U.S. urges Tuvalu to cooperate with Taiwan to push for democracy

09/28/2019 01:31 PM
To activate the text-to-speech service, please first agree to the privacy policy below.
U.S. State Secretary Mike Pompeo / (Image taken from twitter.com/SecPompeo)
U.S. State Secretary Mike Pompeo / (Image taken from twitter.com/SecPompeo)

Washington, Sept. 27 (CNA) U.S. State Secretary Mike Pompeo on Friday encouraged to Tuvalu to work with Taiwan to push for democracy in the Pacific region as international media reported recently that the selection of a new prime minister in the South Pacific country could complicate its diplomatic relationship with Taiwan.

Pompeo mentioned the cooperation between Tuvalu and Taiwan in a statement, saying the United States has been a friend of Tuvalu since the South Pacific country's independence in 1978, and the close ties have extended back to earlier generations.

"We welcome your commitment to advancing our shared vision for a free and open Indo-Pacific region with other democracies in the Pacific region including Australia, New Zealand, Taiwan, and Japan," Pompeo said.

The statement came before Pompeo was scheduled to attend a celebration ceremony planned by Tuvalu for the 41st anniversary of its independence next month.

Earlier this month, newly-installed lawmakers of Tuvalu elected Kausea Natano as the country new prime minister to succeed the pro-Taiwan predecessor Enele Sopoaga.

That has raised concerns over the island nation's ties with Taiwan. International media reported the new political situation in Tuvalu could provide a chance for Beijing to poach Tuvalu and convince it to switch to recognizing the People's Republic of China as the only China.

Tuvalu is one of the four diplomatic allies Taiwan has in the South Pacific, with the other three being Palau, Nauru, and the Marshall Islands.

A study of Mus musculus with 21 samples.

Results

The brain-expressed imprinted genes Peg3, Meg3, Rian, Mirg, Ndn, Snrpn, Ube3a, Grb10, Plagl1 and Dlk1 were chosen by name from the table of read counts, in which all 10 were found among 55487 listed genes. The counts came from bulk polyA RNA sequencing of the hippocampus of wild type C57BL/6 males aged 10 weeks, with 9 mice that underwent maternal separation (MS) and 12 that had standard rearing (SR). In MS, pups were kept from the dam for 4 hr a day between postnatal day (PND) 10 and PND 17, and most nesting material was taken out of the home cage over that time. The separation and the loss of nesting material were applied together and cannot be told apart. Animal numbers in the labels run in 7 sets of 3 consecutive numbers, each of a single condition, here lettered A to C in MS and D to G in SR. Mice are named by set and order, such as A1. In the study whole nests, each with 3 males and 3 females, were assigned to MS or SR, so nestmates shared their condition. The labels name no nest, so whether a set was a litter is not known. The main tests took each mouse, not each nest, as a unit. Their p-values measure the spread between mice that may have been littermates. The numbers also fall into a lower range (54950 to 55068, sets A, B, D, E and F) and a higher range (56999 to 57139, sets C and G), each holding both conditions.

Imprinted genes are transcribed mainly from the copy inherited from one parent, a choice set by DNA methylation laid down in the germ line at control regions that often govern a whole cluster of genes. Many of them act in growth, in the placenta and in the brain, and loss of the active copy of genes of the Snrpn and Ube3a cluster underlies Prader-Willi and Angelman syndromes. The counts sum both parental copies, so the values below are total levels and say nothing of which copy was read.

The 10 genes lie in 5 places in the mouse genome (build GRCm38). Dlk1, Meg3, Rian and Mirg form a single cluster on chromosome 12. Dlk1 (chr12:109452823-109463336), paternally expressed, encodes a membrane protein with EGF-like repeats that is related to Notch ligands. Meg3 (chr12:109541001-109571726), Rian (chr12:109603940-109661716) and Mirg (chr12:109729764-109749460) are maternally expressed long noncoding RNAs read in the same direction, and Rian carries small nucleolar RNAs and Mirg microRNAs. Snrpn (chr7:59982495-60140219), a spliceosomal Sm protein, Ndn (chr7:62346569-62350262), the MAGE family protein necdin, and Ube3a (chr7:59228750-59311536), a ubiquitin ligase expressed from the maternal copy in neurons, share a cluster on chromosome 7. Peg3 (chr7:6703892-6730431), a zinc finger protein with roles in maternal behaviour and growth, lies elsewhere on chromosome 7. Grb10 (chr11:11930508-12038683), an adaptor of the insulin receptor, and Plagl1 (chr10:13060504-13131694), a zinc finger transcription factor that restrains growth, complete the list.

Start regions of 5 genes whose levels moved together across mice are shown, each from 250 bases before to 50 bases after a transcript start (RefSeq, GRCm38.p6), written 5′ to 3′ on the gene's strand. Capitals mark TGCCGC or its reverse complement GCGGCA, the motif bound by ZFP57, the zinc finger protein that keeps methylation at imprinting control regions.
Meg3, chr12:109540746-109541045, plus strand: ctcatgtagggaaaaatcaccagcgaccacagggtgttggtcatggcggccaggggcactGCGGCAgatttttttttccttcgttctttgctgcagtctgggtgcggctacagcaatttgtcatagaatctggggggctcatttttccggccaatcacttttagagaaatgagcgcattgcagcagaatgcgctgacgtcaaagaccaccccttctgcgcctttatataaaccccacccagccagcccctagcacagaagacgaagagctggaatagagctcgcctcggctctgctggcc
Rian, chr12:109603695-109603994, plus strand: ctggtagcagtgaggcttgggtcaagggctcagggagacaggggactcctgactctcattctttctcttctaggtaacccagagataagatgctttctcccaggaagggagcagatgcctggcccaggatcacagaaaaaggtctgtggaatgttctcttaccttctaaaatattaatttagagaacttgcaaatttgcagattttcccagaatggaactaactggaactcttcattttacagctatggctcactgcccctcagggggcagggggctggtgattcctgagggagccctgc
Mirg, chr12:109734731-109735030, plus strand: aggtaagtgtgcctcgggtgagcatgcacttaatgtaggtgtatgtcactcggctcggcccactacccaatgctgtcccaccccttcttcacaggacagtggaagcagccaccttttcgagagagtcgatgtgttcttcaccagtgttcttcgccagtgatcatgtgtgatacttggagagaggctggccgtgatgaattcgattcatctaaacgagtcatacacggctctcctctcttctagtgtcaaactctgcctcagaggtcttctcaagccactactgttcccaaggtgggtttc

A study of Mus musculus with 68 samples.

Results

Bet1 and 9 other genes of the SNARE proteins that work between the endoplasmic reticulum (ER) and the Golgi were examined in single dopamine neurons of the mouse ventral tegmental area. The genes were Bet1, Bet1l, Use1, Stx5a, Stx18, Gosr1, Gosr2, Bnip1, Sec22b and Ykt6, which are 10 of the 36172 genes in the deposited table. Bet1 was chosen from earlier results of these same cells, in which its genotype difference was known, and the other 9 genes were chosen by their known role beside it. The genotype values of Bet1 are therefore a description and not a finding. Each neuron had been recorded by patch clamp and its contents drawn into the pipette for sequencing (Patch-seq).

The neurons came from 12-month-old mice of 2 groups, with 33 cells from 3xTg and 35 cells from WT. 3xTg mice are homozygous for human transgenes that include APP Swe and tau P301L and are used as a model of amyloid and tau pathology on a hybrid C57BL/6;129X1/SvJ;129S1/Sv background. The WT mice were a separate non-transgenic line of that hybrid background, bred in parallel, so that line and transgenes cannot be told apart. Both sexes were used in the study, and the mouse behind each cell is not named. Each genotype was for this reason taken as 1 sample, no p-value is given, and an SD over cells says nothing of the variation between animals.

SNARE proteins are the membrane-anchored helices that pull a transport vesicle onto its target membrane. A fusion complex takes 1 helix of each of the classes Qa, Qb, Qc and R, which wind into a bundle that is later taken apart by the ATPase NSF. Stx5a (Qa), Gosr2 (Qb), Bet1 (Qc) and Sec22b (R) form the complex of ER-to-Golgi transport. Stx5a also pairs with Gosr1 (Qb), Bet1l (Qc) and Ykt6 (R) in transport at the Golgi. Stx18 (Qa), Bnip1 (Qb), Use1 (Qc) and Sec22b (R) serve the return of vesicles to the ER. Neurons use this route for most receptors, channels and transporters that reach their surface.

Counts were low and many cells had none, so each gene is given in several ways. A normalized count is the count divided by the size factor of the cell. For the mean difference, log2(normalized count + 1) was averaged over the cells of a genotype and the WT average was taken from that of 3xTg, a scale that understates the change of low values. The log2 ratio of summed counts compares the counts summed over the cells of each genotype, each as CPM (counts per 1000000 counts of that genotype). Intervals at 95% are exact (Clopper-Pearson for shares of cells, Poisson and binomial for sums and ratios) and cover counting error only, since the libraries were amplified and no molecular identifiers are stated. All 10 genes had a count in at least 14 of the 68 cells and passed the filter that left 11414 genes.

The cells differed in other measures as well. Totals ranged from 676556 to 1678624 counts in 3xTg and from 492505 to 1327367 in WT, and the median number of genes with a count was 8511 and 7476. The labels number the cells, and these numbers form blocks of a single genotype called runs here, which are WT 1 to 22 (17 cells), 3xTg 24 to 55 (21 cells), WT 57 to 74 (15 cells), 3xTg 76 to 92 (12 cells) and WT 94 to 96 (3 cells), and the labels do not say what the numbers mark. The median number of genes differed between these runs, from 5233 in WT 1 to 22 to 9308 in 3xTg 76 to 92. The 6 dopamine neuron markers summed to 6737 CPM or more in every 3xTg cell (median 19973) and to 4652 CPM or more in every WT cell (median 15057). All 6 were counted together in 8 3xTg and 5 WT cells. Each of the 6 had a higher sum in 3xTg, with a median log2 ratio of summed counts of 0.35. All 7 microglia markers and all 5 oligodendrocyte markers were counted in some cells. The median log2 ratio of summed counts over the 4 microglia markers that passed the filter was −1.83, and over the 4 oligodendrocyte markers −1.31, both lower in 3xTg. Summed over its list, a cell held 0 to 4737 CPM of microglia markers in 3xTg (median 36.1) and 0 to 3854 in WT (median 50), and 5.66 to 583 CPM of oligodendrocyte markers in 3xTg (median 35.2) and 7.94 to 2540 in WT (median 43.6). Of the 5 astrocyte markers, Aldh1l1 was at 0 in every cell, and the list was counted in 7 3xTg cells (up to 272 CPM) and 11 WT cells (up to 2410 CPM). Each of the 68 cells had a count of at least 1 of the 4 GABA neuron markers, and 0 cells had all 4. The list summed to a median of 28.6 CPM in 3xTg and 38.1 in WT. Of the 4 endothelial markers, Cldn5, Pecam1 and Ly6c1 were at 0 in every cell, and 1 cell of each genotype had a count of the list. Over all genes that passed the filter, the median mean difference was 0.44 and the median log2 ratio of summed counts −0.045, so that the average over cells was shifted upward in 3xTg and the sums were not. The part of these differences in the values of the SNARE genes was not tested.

Washington has expressed serious concerns about Taiwan's loss of diplomatic allies to Beijing, in particular after Taipei lost two diplomatic allies -- the Solomon Islands and Kiribati, both in the Pacific - in just last week.

On Sept. 16, the Solomon Islands decided to switch diplomatic allegiance from Taipei to Beijing, and four days later Kiribati did the same, leaving Taiwan with only 15 diplomatic allies worldwide.

On Thursday, Randall Schriver, U.S. assistant secretary of defense for Asian and Pacific security affairs, even warned in a congressional hearing that the Marshall Islands and Palau, two allies of Taiwan, face great pressure from China to change their allegiance to China.

In addition, Beijing could persuade another one or two countries to switch sides before the end of the year as a way of interfering in Taiwan's 2020 elections, according to a report released by Taiwan's National Security Council Wednesday.

Also on Wednesday, the U.S. Senate Committee on Foreign Relations passed the Taiwan Allies International Protection and Enhancement Initiative (TAIPEI) Act aimed at supporting Taiwan's international presence.

In the statement, Pompeo praised Tuvalu's efforts to successfully hold the 50th Pacific Islands Forum (PIF) in August, providing a critical venue for necessary dialogue among key partners present in and committed to the region.

Taiwan's Foreign Minister Joseph Wu (吳釗燮) led a delegation to attend the PIF then.

During the opening of the 74th session of the U.N. General Assembly in New York on Sept. 17, representatives from 11 of Taiwan's diplomatic allies, including Tuvalu, delivered a joint letter to United Nations Secretary-General Antonio Guterres to express support for Taiwan's participation in the U.N.

In early September, a Reuters report cited Tuvalu's budget documents as saying Taiwan would contribute US$7.06 million to the island nation's budget in 2019.

Tuvalu, with a population of about 12,000 people, is one of the smallest electoral democracies in the world.

(By Stacy Hsu and Frances Huang)


    We value your privacy.
    Focus Taiwan (CNA) uses tracking technologies to provide better reading experiences, but it also respects readers' privacy. Click here to find out more about Focus Taiwan's privacy policy. When you close this window, it means you agree with this policy.